John Kasich holds town hall in Utica, lays out 100-day plan for office

Presidential hopefuls visit metro Detroit on this President's Day as both Democratic candidate Bernie Sanders and Republican candidate John Kasich were in town Monday.

Kasich was in Utica where Kasich held a town hall.   Among other things Kasich said he'd cut taxes, simplify the tax code, reform the Pentagon  and come up with a plan to save Social Security all in his first 100 days in office.

It is an ambitious plan, some would argue too ambitious - but people there Monday night believe he could pull it off if elected.

For Ohio Gov. John Kasich, the road to Washington D.C. runs through Michigan.

He turned on the charm and talked up his faith and old school values, the Ohio State grad even appealed to Michigan fans when talking about heroes.

"Bo Schembechler," he said to the crowd. "I love that."

When it came time for the Q & A, Kasich laid out an ambitious plan for his first 100 days in office if elected president.

"I want to send a package," he said. "No more federal regulations unless it is on health and safety for a year. I want to say Congress has to vote on everything of $100 million and above. I want to unwind some of the federal regulations that have hurt the small business."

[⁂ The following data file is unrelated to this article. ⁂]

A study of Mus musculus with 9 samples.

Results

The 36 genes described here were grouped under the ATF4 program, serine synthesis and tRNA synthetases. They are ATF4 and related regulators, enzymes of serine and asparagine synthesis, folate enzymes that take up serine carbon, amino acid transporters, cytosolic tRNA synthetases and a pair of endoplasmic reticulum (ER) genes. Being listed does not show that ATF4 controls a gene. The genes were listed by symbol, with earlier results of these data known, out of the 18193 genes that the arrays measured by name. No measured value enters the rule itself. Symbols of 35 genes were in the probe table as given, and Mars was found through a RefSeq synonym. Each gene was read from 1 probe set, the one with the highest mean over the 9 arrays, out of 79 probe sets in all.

He spoke to a crowd of roughly 500 people at a town hall meeting in Macomb County, tackling a wide range of issues from taking care of veterans to immigration. From defeating ISIS to President  Barack Obama's Affordable Care Act.

"What we have to make sure is when we repeal Obama Care we don't have tens of millions of Americans losing their health insurance," he said. "What we will do is take some federal resources and combine it with the Medicaid programs in the states and be able to cover the working poor and have all these people losing their health care."

Kasich is riding high after an impressive showing in New Hampshire and coming in second-albeit a distance second- to Donald Trump in South Carolina polls.

He has stayed above the fray in debates and avoided the drama and controversy that's characterized the GOP presidential race.

And that's part of the reason he's striking a chord with these voters.

From here Gov. John Kasich is headed to South Carolina where the primary there is Saturday.